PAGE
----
At the half, the LA Rams have mixed bag of brilliance and concerns

Mandatory Credit: Jayne Kamin-Oncea-USA TODAY Sports
Mandatory Credit: Jayne Kamin-Oncea-USA TODAY Sports /

If you were concerned about the LA Rams offense shaking off the rust, (Okay, I admit I was), then we’ve got some good news for you. The offense was every bit as advertised. By the end of the first quarter, quarterback Matthew Stafford threw six of seven for 114 yards and a touchdown (quarterback rating of 158.3). Bears quarterback Andy Dalton was seven of ten for 50 yards and an interception in the first quarter. Rookie quarterback Justin Field was in for one pass for nine yards.

The LA Rams‘ first-half rushing was seven runs for twelve yards.  Their counterparts? The Bears’ running game was hot, running 15 times for 89 yards and a touchdown. While there was little expectation that the Rams would be able to run the ball as well as the Chicago Bears in this one, that margin of difference is alarming. This remains a pass-blocking offensive line.

The Rams running game was not effective, and that could spell problems.


The Rams defense cannot continue to give up an average of over 5.0 yards-per-carry in any future games. That was a concern going into the game, but the hope was that the combination of A’Shawn Robinson and Taylor Rapp could help keep that to a minimum.  Of course, after the Rams went up in the second quarter by the score of 13-0, the Rams saw fewer running plays.

The Rams defense is indeed pitching a shutout. But there were definitely things to clean up. The Rams allowed a lot of rushing yards in a game where they could have anticipated the ground game as part of the Bears’ offensive strategy. If not for a brilliant back door strip-sack from Justin Hollins, the Rams defense would not have had a quarterback sack for this one.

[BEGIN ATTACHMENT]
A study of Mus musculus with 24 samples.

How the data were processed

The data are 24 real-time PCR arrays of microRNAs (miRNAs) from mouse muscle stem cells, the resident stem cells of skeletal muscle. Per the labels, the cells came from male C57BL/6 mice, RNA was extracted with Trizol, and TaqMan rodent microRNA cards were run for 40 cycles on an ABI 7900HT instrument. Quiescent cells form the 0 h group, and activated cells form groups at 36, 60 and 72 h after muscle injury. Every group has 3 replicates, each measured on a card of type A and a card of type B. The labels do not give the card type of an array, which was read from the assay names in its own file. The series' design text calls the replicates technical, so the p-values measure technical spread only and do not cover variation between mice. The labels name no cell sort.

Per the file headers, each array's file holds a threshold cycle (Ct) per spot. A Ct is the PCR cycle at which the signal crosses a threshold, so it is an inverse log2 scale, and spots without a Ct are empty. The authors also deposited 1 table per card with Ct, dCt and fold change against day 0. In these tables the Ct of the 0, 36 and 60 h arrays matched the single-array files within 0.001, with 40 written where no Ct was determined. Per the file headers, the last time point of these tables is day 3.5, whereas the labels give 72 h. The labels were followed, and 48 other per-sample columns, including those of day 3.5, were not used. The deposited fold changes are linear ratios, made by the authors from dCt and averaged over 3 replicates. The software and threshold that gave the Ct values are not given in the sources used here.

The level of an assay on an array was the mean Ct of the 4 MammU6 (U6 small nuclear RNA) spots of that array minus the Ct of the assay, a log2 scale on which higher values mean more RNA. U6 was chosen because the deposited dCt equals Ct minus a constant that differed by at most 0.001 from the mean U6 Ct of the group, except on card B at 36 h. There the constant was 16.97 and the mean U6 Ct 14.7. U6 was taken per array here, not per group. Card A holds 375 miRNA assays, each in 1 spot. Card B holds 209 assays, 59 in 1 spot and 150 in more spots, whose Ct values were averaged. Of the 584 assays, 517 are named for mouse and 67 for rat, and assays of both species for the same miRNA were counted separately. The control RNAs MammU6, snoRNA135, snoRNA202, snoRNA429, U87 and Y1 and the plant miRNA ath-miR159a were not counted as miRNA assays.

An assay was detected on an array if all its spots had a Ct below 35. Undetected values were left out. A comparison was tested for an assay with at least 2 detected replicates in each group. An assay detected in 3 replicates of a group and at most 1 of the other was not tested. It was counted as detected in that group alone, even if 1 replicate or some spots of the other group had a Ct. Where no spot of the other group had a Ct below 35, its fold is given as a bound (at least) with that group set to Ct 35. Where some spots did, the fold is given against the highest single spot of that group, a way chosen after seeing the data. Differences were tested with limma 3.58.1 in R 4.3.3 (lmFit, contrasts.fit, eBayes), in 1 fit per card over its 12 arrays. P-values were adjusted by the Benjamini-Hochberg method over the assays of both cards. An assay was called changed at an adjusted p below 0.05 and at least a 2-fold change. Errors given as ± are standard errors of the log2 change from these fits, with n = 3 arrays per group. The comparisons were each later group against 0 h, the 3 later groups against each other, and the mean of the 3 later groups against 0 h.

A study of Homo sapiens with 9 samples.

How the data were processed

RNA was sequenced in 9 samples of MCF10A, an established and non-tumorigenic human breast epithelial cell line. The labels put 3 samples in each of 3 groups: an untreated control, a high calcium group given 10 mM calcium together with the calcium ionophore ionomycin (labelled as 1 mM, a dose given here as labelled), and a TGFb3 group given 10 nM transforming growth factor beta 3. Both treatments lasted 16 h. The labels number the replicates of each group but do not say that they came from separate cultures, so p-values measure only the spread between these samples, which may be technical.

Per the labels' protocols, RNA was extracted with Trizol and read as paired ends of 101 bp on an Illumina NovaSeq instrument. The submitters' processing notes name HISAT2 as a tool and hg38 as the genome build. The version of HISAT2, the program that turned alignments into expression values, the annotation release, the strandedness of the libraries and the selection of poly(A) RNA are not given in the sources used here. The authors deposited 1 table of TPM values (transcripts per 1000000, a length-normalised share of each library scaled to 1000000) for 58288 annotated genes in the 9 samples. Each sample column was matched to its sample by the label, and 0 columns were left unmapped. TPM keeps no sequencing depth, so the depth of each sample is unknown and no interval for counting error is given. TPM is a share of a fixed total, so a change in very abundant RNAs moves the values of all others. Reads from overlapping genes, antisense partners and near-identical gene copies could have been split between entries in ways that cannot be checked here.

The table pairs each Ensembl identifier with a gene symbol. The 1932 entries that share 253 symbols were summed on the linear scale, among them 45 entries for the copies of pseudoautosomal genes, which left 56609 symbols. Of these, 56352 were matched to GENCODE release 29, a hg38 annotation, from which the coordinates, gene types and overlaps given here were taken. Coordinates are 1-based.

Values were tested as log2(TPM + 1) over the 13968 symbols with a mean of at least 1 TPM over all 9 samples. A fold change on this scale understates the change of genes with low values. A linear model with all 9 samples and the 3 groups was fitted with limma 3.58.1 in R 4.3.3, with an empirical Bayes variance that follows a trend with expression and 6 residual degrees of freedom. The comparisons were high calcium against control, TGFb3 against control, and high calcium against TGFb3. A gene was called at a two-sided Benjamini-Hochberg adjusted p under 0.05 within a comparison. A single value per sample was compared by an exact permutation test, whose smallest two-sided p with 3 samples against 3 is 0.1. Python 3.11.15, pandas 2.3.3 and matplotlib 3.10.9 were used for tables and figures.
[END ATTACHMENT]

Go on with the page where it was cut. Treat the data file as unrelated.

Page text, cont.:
The Rams offensive line held up okay early but did give up a quarterback sack as Akeem Hicks bowled over Brian Allen. That pushed the Rams deep into their end of the field and forced the team to punt out of their own end zone. Would the Rams hold the shutout heading into the half? Well, until the final possession of the Bears, who were able to punch it in from the three-yard line for a touchdown.

The Rams were dominated on the time of possession, with the Bears controlling the clock from 18:19 to the LA Rams 11:41. That’s fine for the first half of the first game. But 17 games with that type of lopsided dominance is going to wear down this defense pretty quickly.


The LA Rams wanted to land an explosive offense.  The Rams scored their first touchdown in 1:18. Their second score, a field goal, only needed 2:30 to push the score to 10-0. The third and final field goal by the LA Rams needed just 4:35 to increase the lead to 13-0.  That’s a lot of scoring for having the football for just 11 minutes in the first half.

The Rams defense is not in the same spot it was a year ago. But it seems to have a different mindset. Whether a result of a deliberate decision or not, the Rams have taken on the form of a bend but not break defense. While the Rams allowed plenty of points, they did manage to get two turnovers.

It was one of the turnovers, an interception that happened in the LA Rams endzone, that was quite likely a 14 point play. It took an almost certain touchdown away from the Bears and allowed the LA Rams to move the ball down the field for that first score as Matthew Stafford delivered the long ball that Rams fans eagerly anticipated.

57. 13. 51. Final. 07

The Rams are winning in this opener, but it is the defense, not the offense, that looks confused, bewildered, sluggish, and rusty.

After an electric opening drive, the Rams seemed to settle in a bit and coast in this one. The energy and tempo seemed to slow down for the Rams as the game progressed, while the same energy and tempo seemed to grow more and more for the Bears.  Without two turnovers, the Rams trail in this one.